MADISON, Wis. — AT&T, eat your heart out.
Qualcomm Inc. announced Thursday a definitive agreement to acquire NXP, creating a combined company with annual revenues of more than $30 billion.
Qualcomm will offer $110 per share in all cash transaction — a premium of 11.5 percent to NXP Semiconductor's Wednesday's close — for a total enterprise value of approximately $47 billion.
Worth roughly $39 billion excluding debt, the agreement would represent the biggest chip deal ever, exceeding Avago’s $37 billion agreement to buy Broadcom Corp.
Qualcomm said the closing of the deal is expected at the end of 2017. Steve Mollenkopf, CEO of Qualcomm, Inc., explained that the timing — more than a year from now — is due to regulatory review and approvals that must come from nine jurisdictions around the world.
And AT&T thought it had troubles with Tom Wheeler.
Mollenkopf noted during the conference call that the deal will enable the combined companies to become “the semiconductor engine for the connected world.”
Qualcomm pegged the merger’s serviceable addressable markets at $138 billion in 2020, expecting it to hold leadership positions across mobile, automotive, IoT, security, RF and networking.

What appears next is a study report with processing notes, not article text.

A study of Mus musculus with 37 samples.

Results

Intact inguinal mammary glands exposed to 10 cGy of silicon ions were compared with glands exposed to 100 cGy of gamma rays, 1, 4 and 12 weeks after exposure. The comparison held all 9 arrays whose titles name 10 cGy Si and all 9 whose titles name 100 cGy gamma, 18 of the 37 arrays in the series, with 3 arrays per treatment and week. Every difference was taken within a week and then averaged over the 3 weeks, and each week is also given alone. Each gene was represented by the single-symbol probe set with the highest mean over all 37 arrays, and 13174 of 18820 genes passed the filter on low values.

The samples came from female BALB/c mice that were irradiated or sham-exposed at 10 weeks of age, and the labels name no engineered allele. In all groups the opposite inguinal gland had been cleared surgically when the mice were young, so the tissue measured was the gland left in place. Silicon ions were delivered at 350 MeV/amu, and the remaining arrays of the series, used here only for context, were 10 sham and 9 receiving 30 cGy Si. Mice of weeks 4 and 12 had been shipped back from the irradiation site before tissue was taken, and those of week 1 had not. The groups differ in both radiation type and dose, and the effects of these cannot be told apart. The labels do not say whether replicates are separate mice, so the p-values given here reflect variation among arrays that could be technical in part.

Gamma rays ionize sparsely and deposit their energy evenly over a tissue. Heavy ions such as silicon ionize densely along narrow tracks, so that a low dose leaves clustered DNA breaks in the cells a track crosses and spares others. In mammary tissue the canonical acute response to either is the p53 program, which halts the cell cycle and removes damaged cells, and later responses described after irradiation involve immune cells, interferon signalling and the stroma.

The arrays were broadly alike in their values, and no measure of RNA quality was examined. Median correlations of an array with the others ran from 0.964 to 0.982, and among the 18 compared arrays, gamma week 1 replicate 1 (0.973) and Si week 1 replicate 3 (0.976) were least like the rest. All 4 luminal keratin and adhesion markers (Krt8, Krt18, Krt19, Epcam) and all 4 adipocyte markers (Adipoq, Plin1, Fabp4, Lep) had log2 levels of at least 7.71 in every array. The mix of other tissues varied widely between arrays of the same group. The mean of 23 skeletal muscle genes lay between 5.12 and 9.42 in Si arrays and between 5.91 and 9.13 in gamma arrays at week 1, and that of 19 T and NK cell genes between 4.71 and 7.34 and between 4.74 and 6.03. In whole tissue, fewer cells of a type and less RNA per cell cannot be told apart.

Qualcomm could have had a number of options to expand its business. They include doubling down on its supremacy in mobile technology, diversifying its product line, or doing a succession of smaller deals.
Qualcomm looked at what will be happening “over the next two decades in cars and IoT,” said Mollenkopf. “Technologies and the pace of innovations in those two areas are dramatically increasing.”
Mollenkopf sees it comparable to “where handsets were back in 2000.”
Considering that more advanced technology roadmaps will become necessary in both automotive and IoT, “Now is the right time” to buy NXP and “get a little bigger and get ready for the next decade,” Mollenkopf explained.
For NXP, the feeling is mutual. Despite a leadership position in automotive, Richard Clemmer, NXP’s CEO, acknowledged, “Especially in the ADAS area, we’ve needed to expand computing capability.”
Clemmer said, “Over the last few quarters, I’ve been talking to Kurt [Kurt Sievers, executive vice president and general manager Automotive at NXP].” They’ve identified their need for more computing power for the ADAS platform, but in particular, Clemmer noted, “machine learning, for which we have no internal development going on.”
[Read more: Qualcomm-NXP: Another Testosterone-Driven Deal?]
There’s no question that NXP leads globally in automotive semiconductors, especially in infotainment, safety systems, body and networking, powertrain and chassis, secure access.
Together with Qualcomm, NXP sees the opportunity to add telematics and connectivity. Their long game is to seize a clear lead in ADAS and ultimately dominate the autonomous driving platform.
Meanwhile, NXP holds the key for Qualcomm’s entry into cars. Considering the auto industry’s high barriers to entry and long product cycle, NXP’s relationships with many automotive OEMs and tier ones will be the most valuable complementary assets to Qualcomm.